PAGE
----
Jerry parked the 1979 Dodge D50, painted yellow, at the end of a sandy embankment leading to the water’s edge of the Pensacola Bay. An outcrop of trees and brush provided privacy of the surrounding area.
He stepped out into the golden glow of the morning sun, the December air still crisp, at least by Florida standards. The smell of rotting leaves and wet earth saturated the air. Several twigs snapped under the weight of his boots. He popped the hatch for the camper top, grabbed his tackle box, fishing rod, and walked toward the surf.
Another truck had parked nearby, but he didn’t see anyone. The wind blew cold air across his face. He inhaled, crisp, fresh air. It felt good to be outside.
Someone had pinned warning posters about the Woodsman on several trees. The flyers informed the public to be safe while in wooded areas. The Woodsman had killed four people in the last two weeks, shooting each victim in the head with a .357 handgun. He tore one down, folded it and placed the flyer in his back pocket.
Walking along the shoreline, he came to a bend and made his way further inland, the woods always nearby, which felt eerily ominous.
After several twists and turns he ended up along an estuary. The area was very secluded and out of sight of prying eyes.
Water flowed over algae-covered rocks as he made his way further down. About a half mile into the trek, he thought of turning back, but decided to push ahead. A few yards further, he saw a gentleman with a mop of graying hair sitting on top of a five-gallon bucket, a fishing pole in his hands. Jerry pegged him as the driver of the truck parked near his. There didn’t seem to be any other people out this way. Just him and the stranger.
The man gave him a long stare, with dark eyes. The guy seemed cold and calculated … maybe even a little dangerous. He shirked the idea.
“Having any luck?” Jerry finally asked. Maybe the question would be an icebreaker. When opportunity opens a window, sometimes fate steps in. maybe he’d found a new fishing buddy.
The man stood so Jerry could look inside the bucket. Several fish splashed in a small pool of saltwater.
“I’m Jerry.”
The man’s face seemed to soften, if only a little. Or maybe Jerry only saw what he wanted to see. He didn’t know one way or the other.
“How long you been out here?”
Mike reeled in the line. The hook was bare of bait. He reached into a small tin can filled with dirt and pulled out a night crawler. He skewered the slender invertebrate onto the hook, the worm wriggling. Then he cast the line into the water. “Maybe two hours.”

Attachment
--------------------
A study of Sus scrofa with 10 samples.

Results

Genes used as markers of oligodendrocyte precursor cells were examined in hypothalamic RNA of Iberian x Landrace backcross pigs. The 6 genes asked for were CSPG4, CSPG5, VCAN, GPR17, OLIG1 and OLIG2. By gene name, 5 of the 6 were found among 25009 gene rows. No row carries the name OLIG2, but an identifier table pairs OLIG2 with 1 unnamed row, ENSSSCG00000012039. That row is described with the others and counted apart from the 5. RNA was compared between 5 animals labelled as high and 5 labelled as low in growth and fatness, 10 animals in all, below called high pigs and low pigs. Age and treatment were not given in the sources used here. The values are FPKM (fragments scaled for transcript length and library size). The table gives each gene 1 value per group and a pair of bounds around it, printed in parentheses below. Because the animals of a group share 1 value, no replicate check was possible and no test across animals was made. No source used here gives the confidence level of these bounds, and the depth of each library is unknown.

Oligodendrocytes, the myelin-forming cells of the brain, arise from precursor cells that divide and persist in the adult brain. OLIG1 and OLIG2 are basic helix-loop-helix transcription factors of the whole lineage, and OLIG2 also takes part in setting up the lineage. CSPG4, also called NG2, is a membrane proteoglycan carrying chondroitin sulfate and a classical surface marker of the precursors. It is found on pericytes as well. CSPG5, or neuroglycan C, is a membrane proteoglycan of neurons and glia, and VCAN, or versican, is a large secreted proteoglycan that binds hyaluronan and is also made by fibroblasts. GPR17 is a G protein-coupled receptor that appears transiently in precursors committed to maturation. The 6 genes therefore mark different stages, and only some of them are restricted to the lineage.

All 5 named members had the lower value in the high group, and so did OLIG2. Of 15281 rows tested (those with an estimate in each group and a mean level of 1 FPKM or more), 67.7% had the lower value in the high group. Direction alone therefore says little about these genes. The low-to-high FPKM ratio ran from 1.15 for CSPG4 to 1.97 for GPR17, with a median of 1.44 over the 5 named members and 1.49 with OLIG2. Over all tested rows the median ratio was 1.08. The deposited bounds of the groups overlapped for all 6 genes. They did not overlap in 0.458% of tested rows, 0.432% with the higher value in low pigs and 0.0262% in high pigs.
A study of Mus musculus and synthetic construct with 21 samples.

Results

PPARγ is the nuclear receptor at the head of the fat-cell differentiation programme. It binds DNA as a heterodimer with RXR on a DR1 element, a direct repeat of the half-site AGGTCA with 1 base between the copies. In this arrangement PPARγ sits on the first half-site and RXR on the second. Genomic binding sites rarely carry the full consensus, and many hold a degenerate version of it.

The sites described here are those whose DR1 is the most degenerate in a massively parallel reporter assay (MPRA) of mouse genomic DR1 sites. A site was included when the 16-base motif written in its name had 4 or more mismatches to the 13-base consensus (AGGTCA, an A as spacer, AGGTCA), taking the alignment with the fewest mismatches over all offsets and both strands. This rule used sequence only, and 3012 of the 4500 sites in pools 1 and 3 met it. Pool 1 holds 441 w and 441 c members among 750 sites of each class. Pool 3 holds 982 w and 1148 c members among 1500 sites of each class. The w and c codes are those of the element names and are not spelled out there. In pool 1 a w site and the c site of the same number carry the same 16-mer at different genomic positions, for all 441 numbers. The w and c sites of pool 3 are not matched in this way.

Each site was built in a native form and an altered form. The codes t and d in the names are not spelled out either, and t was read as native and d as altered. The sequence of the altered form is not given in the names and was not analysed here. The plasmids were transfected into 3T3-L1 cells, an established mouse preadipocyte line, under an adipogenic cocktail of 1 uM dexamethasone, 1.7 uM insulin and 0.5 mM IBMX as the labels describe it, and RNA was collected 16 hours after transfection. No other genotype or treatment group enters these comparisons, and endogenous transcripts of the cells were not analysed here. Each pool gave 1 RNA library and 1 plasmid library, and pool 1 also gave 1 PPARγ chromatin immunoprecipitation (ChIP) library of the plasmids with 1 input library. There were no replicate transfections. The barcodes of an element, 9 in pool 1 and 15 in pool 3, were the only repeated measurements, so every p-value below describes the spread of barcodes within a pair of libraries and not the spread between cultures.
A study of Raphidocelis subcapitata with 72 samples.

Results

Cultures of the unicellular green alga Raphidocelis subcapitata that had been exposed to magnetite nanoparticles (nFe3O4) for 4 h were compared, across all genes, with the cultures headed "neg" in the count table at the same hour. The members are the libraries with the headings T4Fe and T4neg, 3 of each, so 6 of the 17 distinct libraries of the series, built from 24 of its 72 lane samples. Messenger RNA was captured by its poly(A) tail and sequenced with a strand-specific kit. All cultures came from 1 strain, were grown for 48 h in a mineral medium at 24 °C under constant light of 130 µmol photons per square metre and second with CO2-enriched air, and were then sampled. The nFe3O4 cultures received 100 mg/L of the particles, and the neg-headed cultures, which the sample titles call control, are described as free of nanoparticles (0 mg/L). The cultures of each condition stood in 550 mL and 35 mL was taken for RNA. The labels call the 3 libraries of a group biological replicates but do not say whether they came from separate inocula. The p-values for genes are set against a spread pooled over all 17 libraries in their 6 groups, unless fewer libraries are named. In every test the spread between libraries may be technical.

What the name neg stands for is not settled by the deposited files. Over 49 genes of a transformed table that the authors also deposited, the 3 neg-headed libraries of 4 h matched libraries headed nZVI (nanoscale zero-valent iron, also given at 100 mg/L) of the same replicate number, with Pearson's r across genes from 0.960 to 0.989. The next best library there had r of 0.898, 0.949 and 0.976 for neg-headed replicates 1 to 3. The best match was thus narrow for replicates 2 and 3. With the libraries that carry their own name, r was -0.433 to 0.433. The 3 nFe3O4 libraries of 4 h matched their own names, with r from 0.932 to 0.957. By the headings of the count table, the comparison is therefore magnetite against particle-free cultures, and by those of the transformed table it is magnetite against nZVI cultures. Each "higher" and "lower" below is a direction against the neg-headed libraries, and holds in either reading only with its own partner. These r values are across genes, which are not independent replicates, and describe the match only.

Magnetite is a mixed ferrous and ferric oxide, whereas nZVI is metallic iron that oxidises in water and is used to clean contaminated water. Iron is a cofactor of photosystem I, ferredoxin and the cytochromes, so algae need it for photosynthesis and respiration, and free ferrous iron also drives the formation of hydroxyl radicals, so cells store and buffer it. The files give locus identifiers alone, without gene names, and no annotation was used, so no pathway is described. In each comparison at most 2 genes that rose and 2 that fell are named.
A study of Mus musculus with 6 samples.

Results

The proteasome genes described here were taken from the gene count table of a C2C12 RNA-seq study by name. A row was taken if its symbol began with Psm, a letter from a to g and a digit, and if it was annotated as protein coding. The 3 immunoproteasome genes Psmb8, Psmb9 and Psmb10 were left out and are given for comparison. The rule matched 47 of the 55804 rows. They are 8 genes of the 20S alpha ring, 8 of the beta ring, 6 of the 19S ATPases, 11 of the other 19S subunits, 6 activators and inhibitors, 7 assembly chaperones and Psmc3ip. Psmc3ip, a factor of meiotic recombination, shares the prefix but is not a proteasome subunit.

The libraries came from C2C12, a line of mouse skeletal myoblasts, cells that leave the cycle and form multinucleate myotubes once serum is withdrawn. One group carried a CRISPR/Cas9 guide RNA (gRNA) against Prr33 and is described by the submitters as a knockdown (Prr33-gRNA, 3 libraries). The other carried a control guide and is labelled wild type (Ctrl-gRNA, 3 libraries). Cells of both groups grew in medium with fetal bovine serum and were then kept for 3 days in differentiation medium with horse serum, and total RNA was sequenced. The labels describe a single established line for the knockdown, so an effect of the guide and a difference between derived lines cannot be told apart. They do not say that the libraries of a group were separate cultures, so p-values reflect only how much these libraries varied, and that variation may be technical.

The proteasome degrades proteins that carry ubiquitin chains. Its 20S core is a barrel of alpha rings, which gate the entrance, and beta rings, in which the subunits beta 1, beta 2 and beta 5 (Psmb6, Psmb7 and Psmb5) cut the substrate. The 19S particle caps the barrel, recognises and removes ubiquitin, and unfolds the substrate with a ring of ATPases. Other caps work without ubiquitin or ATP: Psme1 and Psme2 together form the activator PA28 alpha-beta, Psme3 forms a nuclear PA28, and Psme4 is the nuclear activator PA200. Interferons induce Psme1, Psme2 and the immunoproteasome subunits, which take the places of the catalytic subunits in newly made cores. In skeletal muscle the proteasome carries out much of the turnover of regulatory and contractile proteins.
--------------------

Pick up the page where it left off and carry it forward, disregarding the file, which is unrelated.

“You’re not worried about the Woodsman?”
Mike lifted his sweatshirt. Sunlight reflected off a silver pistol.
Jerry’s chest tightened. Goosebumps formed on his forearms. What if this man drew his gun and shot him. Would anyone even find his body out in this desolate area? The outside elements would wreak havoc to his body. Maggots eating his dead flesh. Animals picking at his carcass. Birds pecking out his eyeballs. He shuddered at the nightmarish images flashing in is mind.
Mike lowered his shirt, covering the handgun. “If he comes this way, the hunt for the Woodsman will be over.”
The tension he’d felt a moment ago was now replaced with a feeling of euphoria. Jerry wondered if this sensation was a normal response when fear subsided. The uncertainty that you could die, but managed to escape deaths grip. He didn’t know.
Jerry opened the tackle box and withdrew a .357, and aimed the barrel at Mike’s head.
Mike’s eyes widened as he fumbled to draw his own gun from under his shirt.
The loud bang of a gun being fired echoed. A cloud of smoke rose from the end of the barrel. The acrid scent of gunpowder hung in the air. Blood, brain matter, and bone sprayed across the landscape.
Jerry picked up the five-gallon bucket and tossed the fish into the estuary. Then he dumped the can with the worms onto its side. As he made his way back to his truck, he thought about Mike’s last statement, If he comes this way, the hunt for the Woodsman will be over.
“No Mike. The hunt is still on.”


James Glass retired from the United States Navy after 22 years of service. After retiring, he exchanged his rifle for a pen. He and his family moved back to the Florida Panhandle. He’s married and has two children. James is also the President of the Panhandle Writer's Group.